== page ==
African-American man playing a guitar in a music store
African-American man playing a guitar in a music store

competing with online retailers

Competing with online retailers is tough, but it can be done. Brick-and-mortar stores still hold some advantages over online shops and using these advantages can help you compete. For a physical retail business to keep its footing, there are adaptations you should make so you can continue to compete in their market and stay relevant.

Use the online option to drive in-store traffic

Just because you don’t have an online presence doesn’t mean you shouldn’t. The simple truth is that if you want your brick-and-mortar location to remain competitive, you need to enhance it with an online presence to complement and enhance what you do.

Competing with online retailers is tough, but it can be done.

They’re surprisingly easy to set up. If your business has a Facebook page – and it should – then you can set up a Facebook store. You can also sell through 3rd party sites like Amazon, EBay, Shopify or you can go all-out and set up an online store on your website, complete with checkouts and payment options.

The trick is to create unique offers and products that can only be accessed in-store. So, when customers are at your online site, they’ll see a special offer or a new product that they must make a trip to your store to take advantage of. And while they’re there, there’s a good chance they’ll buy something else during their visit.

Other online tactics:

  • Run competitions that are based on buying products in the store
  • Offer discount coupons and special sales redeemable only in-store
Group of customers interacting at a bookstore

Build awareness in person

A focus on brand awareness and keeping your name out there is essential. It’s a key element of marketing: identify your target market and then create a laser focus on it. To keep your brand top of mind, making sure that you’re always visible to your customers, you can try:

  • Speaking at industry retail related events and be quoted by external media
  • Setting up webinars or workshops for customers and hold the event in your shop
  • Participating in local media, social channels and talking about what you do any chance you get
  • Sponsor local community events or activities

Not only will you be ensuring that your brand is visible in the marketplace, you’ll also be cementing your reputation as an expert in your industry, which builds customer confidence. Potential and existing customers are more likely to visit you at your physical location if they can, to get your insights and to examine your products.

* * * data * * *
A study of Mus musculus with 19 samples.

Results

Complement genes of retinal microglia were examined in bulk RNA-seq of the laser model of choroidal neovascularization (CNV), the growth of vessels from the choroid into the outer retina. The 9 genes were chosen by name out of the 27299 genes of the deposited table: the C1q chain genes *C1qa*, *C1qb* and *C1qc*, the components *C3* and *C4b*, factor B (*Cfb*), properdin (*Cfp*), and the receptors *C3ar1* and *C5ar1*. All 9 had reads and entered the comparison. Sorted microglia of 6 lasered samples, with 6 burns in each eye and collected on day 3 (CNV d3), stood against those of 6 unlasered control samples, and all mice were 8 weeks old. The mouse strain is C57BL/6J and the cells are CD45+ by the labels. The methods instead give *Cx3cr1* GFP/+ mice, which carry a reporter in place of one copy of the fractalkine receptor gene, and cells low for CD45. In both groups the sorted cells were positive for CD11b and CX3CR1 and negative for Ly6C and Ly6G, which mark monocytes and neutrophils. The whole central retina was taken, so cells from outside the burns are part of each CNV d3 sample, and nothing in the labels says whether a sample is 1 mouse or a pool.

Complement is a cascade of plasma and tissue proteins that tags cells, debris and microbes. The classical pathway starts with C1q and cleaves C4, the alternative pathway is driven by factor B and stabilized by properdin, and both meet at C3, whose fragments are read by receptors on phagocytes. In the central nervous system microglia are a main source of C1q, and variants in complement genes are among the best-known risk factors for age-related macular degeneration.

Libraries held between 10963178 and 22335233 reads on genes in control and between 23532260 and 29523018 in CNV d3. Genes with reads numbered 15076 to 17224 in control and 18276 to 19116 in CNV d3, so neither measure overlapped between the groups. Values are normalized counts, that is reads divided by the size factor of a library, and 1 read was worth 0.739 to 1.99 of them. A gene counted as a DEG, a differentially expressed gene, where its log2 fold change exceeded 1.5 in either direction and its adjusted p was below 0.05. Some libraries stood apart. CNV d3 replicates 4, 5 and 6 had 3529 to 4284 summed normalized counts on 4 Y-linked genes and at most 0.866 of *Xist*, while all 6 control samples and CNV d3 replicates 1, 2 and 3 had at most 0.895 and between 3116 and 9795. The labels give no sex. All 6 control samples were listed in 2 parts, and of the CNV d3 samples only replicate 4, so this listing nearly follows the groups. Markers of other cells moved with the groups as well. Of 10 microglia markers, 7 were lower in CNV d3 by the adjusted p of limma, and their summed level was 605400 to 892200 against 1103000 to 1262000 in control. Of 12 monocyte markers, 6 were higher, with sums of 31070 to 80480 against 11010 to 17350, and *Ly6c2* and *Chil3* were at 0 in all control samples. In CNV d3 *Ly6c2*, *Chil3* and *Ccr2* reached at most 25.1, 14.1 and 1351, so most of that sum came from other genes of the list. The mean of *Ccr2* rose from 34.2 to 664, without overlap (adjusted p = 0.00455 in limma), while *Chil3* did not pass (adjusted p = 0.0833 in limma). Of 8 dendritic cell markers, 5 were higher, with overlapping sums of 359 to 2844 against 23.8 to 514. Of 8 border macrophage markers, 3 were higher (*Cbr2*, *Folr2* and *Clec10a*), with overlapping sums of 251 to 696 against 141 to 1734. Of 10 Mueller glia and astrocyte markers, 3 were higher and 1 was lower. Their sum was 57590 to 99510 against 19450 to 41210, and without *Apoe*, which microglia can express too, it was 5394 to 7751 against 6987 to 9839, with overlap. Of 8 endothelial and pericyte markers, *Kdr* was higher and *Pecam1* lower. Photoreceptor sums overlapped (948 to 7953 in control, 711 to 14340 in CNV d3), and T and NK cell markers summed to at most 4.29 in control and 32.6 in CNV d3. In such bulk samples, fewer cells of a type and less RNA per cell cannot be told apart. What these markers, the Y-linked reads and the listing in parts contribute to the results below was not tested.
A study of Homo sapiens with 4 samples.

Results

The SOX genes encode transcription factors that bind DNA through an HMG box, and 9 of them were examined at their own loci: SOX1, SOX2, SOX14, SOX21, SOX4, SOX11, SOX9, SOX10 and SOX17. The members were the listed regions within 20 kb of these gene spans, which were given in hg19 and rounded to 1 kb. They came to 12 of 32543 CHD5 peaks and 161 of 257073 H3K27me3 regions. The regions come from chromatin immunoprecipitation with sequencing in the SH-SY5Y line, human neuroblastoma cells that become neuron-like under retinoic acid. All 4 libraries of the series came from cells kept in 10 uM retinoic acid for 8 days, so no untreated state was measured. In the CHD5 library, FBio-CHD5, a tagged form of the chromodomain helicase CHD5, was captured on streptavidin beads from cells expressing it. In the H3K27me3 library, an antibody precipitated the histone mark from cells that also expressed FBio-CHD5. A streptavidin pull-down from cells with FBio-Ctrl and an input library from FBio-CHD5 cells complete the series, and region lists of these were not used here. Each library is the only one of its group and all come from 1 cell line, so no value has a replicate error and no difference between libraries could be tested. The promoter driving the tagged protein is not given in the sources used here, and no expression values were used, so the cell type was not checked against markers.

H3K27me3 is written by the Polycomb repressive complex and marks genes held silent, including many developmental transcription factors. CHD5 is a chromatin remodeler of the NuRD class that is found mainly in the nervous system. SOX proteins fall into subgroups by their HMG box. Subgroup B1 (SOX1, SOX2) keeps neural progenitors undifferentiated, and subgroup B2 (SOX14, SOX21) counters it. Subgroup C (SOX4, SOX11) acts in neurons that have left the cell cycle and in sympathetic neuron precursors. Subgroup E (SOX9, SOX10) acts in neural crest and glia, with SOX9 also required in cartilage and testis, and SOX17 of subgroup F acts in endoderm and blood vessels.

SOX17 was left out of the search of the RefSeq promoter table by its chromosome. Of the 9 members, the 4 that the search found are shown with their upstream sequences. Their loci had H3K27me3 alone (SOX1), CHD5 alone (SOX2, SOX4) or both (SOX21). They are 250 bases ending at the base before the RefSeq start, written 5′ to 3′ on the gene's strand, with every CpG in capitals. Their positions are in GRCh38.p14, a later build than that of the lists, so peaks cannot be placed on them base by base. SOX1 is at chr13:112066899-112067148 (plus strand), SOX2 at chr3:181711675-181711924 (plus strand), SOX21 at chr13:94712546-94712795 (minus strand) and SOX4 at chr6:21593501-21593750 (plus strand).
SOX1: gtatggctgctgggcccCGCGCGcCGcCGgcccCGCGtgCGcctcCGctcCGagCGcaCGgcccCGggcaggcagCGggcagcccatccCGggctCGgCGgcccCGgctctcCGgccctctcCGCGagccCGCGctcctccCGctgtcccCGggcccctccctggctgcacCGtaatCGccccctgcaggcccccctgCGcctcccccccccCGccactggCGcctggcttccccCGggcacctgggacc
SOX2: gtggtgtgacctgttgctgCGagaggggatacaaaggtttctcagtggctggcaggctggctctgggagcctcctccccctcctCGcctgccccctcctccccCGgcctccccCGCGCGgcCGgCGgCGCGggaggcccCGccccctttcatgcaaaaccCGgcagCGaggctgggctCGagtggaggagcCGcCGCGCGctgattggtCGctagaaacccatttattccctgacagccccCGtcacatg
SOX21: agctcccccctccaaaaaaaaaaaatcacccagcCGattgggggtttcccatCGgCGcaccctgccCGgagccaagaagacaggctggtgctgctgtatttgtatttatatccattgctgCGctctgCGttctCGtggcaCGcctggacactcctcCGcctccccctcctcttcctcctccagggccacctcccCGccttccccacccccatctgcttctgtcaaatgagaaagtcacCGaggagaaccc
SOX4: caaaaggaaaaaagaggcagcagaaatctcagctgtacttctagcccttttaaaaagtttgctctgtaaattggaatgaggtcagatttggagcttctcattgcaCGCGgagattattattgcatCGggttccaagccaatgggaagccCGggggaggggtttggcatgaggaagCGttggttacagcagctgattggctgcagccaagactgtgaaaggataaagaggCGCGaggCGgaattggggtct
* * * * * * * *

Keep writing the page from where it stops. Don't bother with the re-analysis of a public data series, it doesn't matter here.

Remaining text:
Promote the advantage of retail

We are social beings and ‘going shopping’ isn’t called ‘retail therapy’ for nothing. We like to go out and interact with others. To encourage this, build on the benefits of retail such as:

  • Try before you buy. Regardless of how sophisticated online shopping gets, it’s still not the same as picking something up, feeling, touching, or tasting before you buy it.
  • Promoting instant gratification by being able to take home the product that day.
  • Being able to talk to the person you bought the product from, in case you need to either return it, or ask for instructions or advice.

Add value for the customer

Focus on the customer experience and make sure it’s the best you can offer. Play to the strengths of your physical location by providing customer experiences they wouldn’t get online, such as in-store exclusives, or special attractions. For example:

  • A bookstore could have an in-store signing when an author’s book is released.
  • A hairdressing salon could offer free tutorials on new styles.
  • A hardware store could have demonstrations of a new product by experts.
  • Photographic businesses can hold free classes on how to take better photos (even with your phone).

There are many ways that your brick-and-mortar location can add to the customer experience in ways that are impossible for online retailers. All it takes is a bit of imagination.

Fight fire with fire

Use your online marketing tools such as social media and your website to encourage customers away from their computer and into your store. If you’re holding an event of some kind, make sure it’s thoroughly promoted on your social media platforms. A social media schedule like the example below can help keep your brand top of mind.

  • Two or three Facebook posts a week or so apart
  • The same on LinkedIn if your business has a B2B aspect
  • Twitter messages spaced 3 or 4 days apart

The messages should all be geared to what’s happening at your physical location, and what customers will get if they show up. It could be a one-time only discount, the chance to listen to a celebrity speaker, or competition opportunities.


Competing with online retailers is not only possible, the tactics you use will give your brick-and-mortar location a lift that you’ll notice in increased sales and revenue at your physical store. It’s all about giving your customers an experience they can’t get online, and that means being tangible: after-sales support, education, workshops, competitions, and most importantly, an outstanding customer experience. No matter how big online retail becomes, it won’t replace the personal touch.